More daring than a gritty war movie, is rewriting the history of WWII. In Quentin Tarantino’s Inglorious Basterds, we are taken to Nazi occupied France where we meet SS officer Colonel Hans Landa (Christoph Waltz), nicknamed The Jew Hunter. The riveting and mesmerizing opening scene establishes a few things: 1) Hans is very smart. 2) He’s viciously ruthless. 3) He enjoys a good chase, leaving Shoshanna (Mélanie Laurent) to run.
Four years later, Shoshanna is the owner of a movie theater in Paris, where she is being forced to host the premier of the latest Nazi propaganda film Nations Pride. The star of the film, young Nazi veteran Pvt. Fredrick Zoller (Daniel Brühl), lets his ego grow before his fame is known and tries to weasel a date Shoshanna.
Meanwhile, a band of American Jews, the Basterds, have been terrorizing the Nazis all across Europe. Led by Lt. Aldo Raine (Brad Pitt), they collect scalps of Nazis they kill and leave any survivors forever marked with a swastika on their foreheads. When they hear that Hitler and other major leaders of the Nazi party will all be attending a movie premier in Paris, they concoct a plan with movie star Bridget von Hammersmark (Diane Kruger) to get inside and set off explosives. Little do they know that Shoshanna is planning to trap the Nazi’s within the theater and set the whole building on fire, with a spectacular surprise on the fourth reel.
If I wanted to compare the Oscars to a black tie affair, Tarantino always dresses his film in something slightly flashy and quirky, and is unwilling to compromise. That’s what we love about his films and he fits right in, because he does this so well. Here, he is turning WWII on its head, where a band of American Jews travel to Europe with a strict agenda to kick some Nazi ass and end up aiding in ending the war in a very different way than the history books read. He also throws in his signature style of music and grind house inspired moments, like when we’re introduced to Hugo Stiglitz. Even in this 1940’s setting, we don’t find these moments distracting because the whole film already has this quirky flare and each odd moment is done so quickly and cleanly. To do this well takes practice, Tarantino has done a lot of that in his previous films.
Waltz is not a big, threatening looking guy, but he makes Hans look like a force to be reckoned with. He is cunning, speaks many languages and is always looking out for himself, especially towards the end. What I think really tipped the scales and made him the indisputable winner for best supporting actor was his ability to also be so funny. That first scene is just starting to become very tense, and then he pulls out that ridiculous pipe and we can’t help but laugh, even though we’re nervous. Right there, Hans puts on a funny hat and doesn’t even realize it, which makes it all the better. And I dare anyone not to burst out laughing the first time they see the “Oooh, that’s a bingo!” scene. I can’t remember another time that one simple line made me laugh so hard.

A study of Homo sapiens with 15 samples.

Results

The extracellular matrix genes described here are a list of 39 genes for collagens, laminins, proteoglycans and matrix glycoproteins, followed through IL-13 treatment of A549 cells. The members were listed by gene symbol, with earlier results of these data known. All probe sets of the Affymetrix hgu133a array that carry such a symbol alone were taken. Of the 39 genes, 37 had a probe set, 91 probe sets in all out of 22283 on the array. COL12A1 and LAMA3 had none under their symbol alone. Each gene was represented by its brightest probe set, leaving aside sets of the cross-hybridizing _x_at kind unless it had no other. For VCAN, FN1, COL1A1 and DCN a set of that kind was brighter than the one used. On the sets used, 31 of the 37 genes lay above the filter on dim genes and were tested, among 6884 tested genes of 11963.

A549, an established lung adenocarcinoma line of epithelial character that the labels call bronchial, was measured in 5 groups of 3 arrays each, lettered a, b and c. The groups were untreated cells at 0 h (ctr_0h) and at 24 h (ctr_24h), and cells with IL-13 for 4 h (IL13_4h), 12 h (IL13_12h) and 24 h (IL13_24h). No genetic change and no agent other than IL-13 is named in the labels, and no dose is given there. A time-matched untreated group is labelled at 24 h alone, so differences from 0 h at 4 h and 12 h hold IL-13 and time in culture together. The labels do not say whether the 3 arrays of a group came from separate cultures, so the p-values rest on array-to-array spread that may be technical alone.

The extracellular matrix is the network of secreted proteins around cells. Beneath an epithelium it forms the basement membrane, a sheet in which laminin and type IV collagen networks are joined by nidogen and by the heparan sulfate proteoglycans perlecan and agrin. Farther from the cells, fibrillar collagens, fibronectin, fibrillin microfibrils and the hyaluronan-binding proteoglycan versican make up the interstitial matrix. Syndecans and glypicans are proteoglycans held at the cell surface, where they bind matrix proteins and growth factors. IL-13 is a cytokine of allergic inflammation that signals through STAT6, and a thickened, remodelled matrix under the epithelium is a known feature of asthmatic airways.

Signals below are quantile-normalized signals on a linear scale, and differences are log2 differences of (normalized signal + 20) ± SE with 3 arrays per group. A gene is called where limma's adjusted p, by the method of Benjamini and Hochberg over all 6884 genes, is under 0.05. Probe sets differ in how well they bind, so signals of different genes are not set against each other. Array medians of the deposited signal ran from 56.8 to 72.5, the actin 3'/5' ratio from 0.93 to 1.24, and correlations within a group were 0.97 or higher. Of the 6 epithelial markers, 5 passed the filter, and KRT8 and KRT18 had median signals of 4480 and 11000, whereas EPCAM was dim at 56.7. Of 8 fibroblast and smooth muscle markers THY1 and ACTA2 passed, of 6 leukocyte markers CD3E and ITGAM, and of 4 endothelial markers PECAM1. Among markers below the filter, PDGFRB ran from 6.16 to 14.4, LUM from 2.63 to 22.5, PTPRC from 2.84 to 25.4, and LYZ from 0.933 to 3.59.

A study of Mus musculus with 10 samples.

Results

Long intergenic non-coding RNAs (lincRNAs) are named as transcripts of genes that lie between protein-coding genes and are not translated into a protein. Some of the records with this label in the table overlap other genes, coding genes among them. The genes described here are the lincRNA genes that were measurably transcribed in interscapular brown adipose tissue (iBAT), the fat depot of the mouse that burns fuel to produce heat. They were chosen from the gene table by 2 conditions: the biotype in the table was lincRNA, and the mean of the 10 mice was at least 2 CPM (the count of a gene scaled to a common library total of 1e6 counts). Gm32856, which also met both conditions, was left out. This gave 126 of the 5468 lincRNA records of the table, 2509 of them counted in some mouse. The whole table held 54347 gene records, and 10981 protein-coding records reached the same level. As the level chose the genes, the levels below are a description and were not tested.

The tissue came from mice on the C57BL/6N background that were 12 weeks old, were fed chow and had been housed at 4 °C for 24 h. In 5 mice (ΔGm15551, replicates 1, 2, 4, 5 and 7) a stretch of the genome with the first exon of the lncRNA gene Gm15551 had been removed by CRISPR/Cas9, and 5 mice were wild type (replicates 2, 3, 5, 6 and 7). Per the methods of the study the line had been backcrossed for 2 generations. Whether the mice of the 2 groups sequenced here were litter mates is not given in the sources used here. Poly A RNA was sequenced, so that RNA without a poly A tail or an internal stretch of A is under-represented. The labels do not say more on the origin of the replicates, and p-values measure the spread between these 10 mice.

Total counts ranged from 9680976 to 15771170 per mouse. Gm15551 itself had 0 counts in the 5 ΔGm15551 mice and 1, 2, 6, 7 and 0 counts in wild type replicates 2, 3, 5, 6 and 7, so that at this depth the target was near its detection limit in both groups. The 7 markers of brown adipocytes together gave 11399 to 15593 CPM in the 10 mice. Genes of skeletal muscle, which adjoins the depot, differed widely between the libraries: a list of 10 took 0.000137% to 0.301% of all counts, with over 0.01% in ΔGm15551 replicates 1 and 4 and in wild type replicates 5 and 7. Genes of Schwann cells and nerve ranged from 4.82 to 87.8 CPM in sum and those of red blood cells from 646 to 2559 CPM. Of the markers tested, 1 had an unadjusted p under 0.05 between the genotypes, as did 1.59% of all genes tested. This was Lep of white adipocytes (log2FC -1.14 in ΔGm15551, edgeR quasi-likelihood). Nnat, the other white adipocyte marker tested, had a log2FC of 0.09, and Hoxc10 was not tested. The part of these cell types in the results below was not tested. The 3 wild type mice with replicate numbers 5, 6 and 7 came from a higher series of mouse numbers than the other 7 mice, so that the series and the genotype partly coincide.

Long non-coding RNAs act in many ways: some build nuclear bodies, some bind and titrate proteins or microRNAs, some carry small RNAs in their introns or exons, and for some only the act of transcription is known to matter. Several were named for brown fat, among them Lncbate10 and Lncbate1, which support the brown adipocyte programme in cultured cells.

Do most people notice how much this story seems to circulate around the film industry? The main plot is to trap all the Nazi leaders in a theater during their movie premier, in a fire fueled by highly combustible film. There’s also Hammersmark, an actress who helps the Basterds gain entrance to the premier. Then there’s the star of Nation’s Pride, who thinks that because he’s a big enough war hero to have his own Nazi propaganda film he can be with Shoshanna. Thing is, all these movies, their stars and their political agendas need a place to be seen.
Even though Shoshanna is forced to hold the premier for Nation’s Pride, she ultimately decides what will be shown and how everyone will leave. Tarantino makes a movie theater the ultimate weapon to end the war. Imagine if more theater owners were so bold, you really have no idea how much your average theater employee can alter your visit. I was part of that rat-race for four summers. We really decide how much butter is on your corn or if your movie will be in the nice theater, the one that smells weird or the one with noisy crickets living behind the screen. One of my favorite moments at work was to stand along the side of the theater, in the shadows and watch people like you during the best moments in the movies. Why else do you think they make us wear such dark colors? Honestly, I loved to see your reactions, some of you are quite entertaining. That close-up shot of Hitler laughing like a maniac; I’ve seen many of you make similar faces. And I think Tarantino knows it too.
“You know how you get to Carnegie Hall, don’t ya? Practice.”